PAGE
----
Protesters call for the closure of the Manitoba Developmental Centre in 2010.


The judge who presided over an inquest into the 2011 death of a severely mentally disabled woman at the Manitoba Developmental Centre said in his report tabled Thursday shuttering the institution is not within his powers.

Ann Hickey, 51, died March 29, 2011, after she slipped in a wheelchair and was strangled by a seatbelt.

While her death renewed calls for the Portage la Prairie institution to be shut down and its 209 residents placed in group homes, provincial court Judge Rocky Pollack said that was not an option.

Inquest's recommendations about wheelchairs:

Provincial court Judge Rocky Pollack said while the Manitoba Developmental Centre has taken steps to make sure wheelchairs are legibly tagged with the owner's name, more can be done. He recommends:

that MDC require a highly visible tag or label to identify for its staff;

that a wheelchair is not the user's own wheelchair, and;

that a wheelchair user is at risk for repositioning.

It is further recommended;

that therapists include in the care guide a statement whether or under what circumstances a resident must be kept in constant view when walking, using a wheelchair or other assist.

However, Pollack said in his 26-page report the Manitoba Developmental Centre (MDC) could do a better job. MDC accommodates Manitobans whose developmental disabilities make it difficult if not impossible for them to live in the community.

Hickey was admitted to MDC on Jan. 12, 1970, when she was 10 years old. At that time the MDC had a population of more than 1,200 residents.

"She was there because she required significant resources to assist her with ordinary life skills, health care, socializing and -- importantly -- personal safety," Pollack said in the report.

Pollack said after Hickey suffered a fractured vertebra in late February 2011, after bumping into another resident, she was transferred to another wing, Westview, at MDC. She had use of a wheelchair adjusted to her condition, but was also walking at times.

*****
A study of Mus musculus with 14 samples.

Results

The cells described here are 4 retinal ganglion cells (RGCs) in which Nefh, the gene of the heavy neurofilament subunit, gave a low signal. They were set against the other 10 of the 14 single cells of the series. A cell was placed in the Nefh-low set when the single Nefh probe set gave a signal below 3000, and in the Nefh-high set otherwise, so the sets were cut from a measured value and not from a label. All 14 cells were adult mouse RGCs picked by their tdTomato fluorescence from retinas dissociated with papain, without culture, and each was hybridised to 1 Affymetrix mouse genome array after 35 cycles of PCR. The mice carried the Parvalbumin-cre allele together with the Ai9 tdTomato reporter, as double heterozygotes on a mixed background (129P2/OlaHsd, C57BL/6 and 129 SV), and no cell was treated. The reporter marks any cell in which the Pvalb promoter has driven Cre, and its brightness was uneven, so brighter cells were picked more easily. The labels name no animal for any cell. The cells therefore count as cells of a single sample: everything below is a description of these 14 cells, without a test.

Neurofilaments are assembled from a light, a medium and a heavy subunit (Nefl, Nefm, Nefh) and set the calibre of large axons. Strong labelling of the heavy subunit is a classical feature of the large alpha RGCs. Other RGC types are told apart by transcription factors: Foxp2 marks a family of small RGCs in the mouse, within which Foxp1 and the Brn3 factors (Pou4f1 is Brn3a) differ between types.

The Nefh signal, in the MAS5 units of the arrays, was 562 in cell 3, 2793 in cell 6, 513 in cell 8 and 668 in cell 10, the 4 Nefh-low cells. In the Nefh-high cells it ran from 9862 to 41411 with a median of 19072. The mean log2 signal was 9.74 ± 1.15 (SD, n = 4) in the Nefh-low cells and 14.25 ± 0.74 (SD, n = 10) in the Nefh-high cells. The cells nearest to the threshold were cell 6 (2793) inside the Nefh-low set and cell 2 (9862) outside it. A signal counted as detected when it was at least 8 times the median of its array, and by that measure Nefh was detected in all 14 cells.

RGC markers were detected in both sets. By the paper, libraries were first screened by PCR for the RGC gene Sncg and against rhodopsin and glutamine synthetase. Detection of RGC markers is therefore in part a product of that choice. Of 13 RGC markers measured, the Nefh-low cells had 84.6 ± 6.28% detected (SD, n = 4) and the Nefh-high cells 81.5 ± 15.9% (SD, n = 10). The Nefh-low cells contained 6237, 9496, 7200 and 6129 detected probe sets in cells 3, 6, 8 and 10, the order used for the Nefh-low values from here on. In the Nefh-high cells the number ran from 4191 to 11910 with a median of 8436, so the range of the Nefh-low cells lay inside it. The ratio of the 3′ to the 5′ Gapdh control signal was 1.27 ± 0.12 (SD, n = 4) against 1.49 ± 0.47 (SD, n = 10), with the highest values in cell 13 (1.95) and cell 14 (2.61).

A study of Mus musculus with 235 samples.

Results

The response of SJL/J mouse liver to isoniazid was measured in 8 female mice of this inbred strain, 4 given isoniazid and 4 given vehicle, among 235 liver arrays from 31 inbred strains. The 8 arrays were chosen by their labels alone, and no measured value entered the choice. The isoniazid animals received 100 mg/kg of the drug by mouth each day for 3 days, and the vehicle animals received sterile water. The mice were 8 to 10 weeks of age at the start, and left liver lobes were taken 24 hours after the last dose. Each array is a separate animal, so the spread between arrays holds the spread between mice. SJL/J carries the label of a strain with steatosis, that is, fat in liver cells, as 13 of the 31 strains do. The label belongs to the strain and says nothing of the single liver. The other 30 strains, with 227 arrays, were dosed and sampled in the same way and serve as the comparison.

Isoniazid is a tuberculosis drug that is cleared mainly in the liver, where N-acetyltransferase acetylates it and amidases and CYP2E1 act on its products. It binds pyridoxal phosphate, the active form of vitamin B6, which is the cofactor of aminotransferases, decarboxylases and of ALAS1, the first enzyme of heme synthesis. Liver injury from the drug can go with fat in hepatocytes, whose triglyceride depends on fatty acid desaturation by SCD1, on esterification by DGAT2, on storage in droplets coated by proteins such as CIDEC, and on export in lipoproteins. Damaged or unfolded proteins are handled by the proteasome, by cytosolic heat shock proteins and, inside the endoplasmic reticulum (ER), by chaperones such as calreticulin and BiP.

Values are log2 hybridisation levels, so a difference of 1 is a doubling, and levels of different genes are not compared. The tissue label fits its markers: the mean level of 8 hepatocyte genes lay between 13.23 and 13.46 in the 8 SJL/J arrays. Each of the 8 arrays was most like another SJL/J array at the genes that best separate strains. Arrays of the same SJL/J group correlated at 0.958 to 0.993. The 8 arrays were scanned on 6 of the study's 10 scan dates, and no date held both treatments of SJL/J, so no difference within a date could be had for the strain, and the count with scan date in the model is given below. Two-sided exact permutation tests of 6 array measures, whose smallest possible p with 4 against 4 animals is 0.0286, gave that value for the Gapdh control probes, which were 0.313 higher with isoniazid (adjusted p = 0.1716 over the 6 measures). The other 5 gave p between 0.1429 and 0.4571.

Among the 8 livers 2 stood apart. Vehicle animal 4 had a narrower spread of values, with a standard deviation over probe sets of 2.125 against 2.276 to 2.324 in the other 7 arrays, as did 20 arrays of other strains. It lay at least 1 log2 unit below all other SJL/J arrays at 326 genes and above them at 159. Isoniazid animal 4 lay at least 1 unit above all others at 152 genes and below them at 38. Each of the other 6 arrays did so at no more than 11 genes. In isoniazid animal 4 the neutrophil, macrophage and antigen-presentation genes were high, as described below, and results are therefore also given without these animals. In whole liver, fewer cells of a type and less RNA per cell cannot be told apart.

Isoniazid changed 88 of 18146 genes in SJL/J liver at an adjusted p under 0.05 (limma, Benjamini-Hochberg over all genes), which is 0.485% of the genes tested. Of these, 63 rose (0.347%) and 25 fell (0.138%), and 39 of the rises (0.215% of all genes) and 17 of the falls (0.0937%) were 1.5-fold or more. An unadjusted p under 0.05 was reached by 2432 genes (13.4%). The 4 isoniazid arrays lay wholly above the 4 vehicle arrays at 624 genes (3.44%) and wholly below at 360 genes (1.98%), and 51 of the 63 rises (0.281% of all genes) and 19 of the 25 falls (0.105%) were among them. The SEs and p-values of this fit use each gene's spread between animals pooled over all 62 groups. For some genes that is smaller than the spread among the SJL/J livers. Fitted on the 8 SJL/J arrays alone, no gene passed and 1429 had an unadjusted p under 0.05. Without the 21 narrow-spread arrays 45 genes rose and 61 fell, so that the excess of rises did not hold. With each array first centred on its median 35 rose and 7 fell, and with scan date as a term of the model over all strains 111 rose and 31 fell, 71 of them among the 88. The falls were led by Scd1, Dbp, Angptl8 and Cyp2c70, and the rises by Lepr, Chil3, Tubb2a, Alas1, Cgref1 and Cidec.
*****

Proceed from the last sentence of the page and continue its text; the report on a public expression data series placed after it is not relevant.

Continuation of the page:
"When that decision became an emergency decision, however, a detailed transition policy was not followed," Pollack said. "What this meant for Ann Hickey and the Westview staff was that she was transferred without a transition plan, meaning that she was transferred without specific individualized instructions."

Hickey was found on a washroom floor by two psychiatric nursing assistants on the afternoon of March 25, 2011.

Pollack said in order to allow the nursing assistants to tend to other residents, Hickey was placed in a wheelchair.

"Her wheelchair was not where it was supposed to be and it could not be found," Pollack said. "Another was appropriated and she was placed in it. While it is not clear when, at some point the seatbelt of that wheelchair was fastened around her."

It was near midnight when Hickey was spotted by staff seated in front of her wheelchair with the seatbelt tight around her neck holding her upright. Hickey was the only resident who was not yet in bed as staff were following instructions she should not be taken to bed until she appeared sufficiently tired.

"There is not a scintilla of evidence to suggest that anyone else was present when she encountered distress," Pollack said.

In his recommendations, Pollack said clearer MDC care guides must be produced so staff monitor patients more closely.

"It would be comforting to know that a (psychiatric nursing assistant) observing a resident sliding in a wheelchair had the instant opportunity to log that observation for the benefit of the medical, therapy and management staff. This is how to collect intelligence about trends and cycles in the institution as well as specific resident issues," he said.

He also recommended wider staff training, including on wheelchair use.